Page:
Wild Fact #134 – A Snowy Social Life – Eastern Fox Squirrel

Largest North American Squirrel - Eastern Fox Squirrel

Photo by Calibas (Wikimedia)

Did You Know?

  • The Eastern Fox Squirrel (also known simply as the Fox Squirrel) is the largest tree squirrel native to North America
  • Compared to other tree squirrels this particular species tends to spend more of their time hanging out on the ground
  • The Eastern Fox Squirrel tends to be a solitary animal, except during the cold winter months

A Winter Socialite

Have you ever stopped to think about why a solitary animal would all of a sudden become social during the winter? What do you mean you haven’t thought about this before? Well, there is no time like the present so I would like you to ask yourself why the Eastern Fox Squirrel relies on “friends” during the snowy season. Before we get into the answer, I guess I should qualify that these squirrels do not build friendships like other rodents as they do not groom each other or nuzzle to maintain their friendship bonds. Instead, they join up to share food caches inside of large trees. So I guess this makes the reasoning a little apparently. Food is scarce during the winter so in order to ensure their survival they join forces with other Fox Squirrels and share the food equally between them. This is not a bad idea and I love when animals collaborate in order to survive as a species. After all, this is what ecology is all about, isn’t it?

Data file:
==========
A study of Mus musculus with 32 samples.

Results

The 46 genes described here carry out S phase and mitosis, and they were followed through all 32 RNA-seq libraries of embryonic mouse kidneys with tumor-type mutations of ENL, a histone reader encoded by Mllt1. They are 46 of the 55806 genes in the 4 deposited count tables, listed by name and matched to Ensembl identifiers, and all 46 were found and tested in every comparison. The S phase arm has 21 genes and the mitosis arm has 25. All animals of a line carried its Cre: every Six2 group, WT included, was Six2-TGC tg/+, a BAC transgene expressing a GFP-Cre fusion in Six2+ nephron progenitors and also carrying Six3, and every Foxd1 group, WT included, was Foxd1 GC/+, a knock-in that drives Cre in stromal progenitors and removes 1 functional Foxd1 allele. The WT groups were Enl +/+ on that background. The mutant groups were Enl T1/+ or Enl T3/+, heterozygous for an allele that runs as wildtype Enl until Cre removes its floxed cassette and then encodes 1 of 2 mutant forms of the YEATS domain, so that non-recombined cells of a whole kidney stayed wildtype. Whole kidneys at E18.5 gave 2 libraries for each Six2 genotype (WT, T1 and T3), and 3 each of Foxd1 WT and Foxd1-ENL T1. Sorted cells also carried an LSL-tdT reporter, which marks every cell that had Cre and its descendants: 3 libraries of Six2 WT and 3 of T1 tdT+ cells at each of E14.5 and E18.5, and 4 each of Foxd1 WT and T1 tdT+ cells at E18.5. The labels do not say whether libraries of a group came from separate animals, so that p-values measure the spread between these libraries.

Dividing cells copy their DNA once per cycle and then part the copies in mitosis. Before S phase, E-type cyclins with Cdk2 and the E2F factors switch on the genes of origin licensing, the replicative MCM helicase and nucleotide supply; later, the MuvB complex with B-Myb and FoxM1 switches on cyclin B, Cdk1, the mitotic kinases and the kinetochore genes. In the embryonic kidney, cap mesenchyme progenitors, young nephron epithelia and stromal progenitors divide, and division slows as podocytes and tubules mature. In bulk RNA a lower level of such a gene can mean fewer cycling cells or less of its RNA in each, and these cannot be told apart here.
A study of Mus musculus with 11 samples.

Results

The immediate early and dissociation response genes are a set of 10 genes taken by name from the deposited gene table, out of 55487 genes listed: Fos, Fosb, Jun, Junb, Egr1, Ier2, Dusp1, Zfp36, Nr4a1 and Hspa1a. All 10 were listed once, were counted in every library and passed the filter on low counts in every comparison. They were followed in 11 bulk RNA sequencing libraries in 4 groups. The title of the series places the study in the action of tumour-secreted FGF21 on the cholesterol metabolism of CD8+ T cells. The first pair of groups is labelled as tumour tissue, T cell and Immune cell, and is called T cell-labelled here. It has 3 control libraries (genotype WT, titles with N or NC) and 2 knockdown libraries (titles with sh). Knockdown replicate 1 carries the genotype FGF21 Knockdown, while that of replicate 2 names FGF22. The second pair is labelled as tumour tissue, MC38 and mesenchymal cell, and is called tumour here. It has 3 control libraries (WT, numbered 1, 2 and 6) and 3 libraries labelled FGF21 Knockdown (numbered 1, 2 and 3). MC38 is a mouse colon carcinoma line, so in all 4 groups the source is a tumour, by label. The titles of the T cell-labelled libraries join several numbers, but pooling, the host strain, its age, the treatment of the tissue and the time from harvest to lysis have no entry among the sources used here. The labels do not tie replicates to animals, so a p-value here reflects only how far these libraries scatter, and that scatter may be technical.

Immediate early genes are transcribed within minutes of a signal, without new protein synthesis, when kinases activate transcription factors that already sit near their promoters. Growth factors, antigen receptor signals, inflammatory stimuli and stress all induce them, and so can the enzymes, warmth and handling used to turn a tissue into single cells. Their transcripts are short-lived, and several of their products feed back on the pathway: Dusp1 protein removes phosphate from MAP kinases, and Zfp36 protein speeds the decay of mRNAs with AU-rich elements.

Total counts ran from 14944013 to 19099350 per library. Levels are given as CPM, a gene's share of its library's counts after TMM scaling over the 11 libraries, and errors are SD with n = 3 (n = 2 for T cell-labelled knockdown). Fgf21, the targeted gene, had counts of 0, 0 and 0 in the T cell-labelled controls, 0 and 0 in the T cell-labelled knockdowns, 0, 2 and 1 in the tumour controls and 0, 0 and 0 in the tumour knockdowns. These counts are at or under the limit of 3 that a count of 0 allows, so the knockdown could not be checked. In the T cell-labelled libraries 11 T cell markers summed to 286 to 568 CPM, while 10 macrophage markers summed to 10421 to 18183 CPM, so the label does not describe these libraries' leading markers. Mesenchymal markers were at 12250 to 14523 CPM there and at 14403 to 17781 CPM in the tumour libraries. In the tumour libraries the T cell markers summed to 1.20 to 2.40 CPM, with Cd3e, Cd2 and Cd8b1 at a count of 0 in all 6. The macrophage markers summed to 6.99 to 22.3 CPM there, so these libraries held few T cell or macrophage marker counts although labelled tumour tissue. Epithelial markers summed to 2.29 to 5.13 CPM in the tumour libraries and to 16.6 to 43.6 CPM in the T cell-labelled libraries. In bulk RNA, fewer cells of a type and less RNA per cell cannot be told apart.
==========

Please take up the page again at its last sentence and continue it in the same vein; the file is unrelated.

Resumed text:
Eastern Fox Squirrel - North America

Photo by Davefoc (Wikimedia)

Largest North American Squirrel

Above we mentioned that the Eastern Fox Squirrel is the largest tree squirrel in native to North America. So just how big are these furry rodents? The average size of this particular squirrel is about 45 to 70 cm (17.7 to 27.6″) in length…and this is not counting their 33 cm (13″) long tail. If you stop for a moment and think about this (and I recommend that you do), you will quickly realize that a squirrel measuring over 3 feet (if you include their tail) is incredibly large, especially if they are as creepy looking as the Eastern Grey Squirrel (I don’t know why but they creep me out). Interestingly enough, these gigantic squirrels are still very adept to living a life in the trees, even if they spend most of their time on the ground. I guess when you are this large you can choose where you want to live without having to take slack from anyone or anything.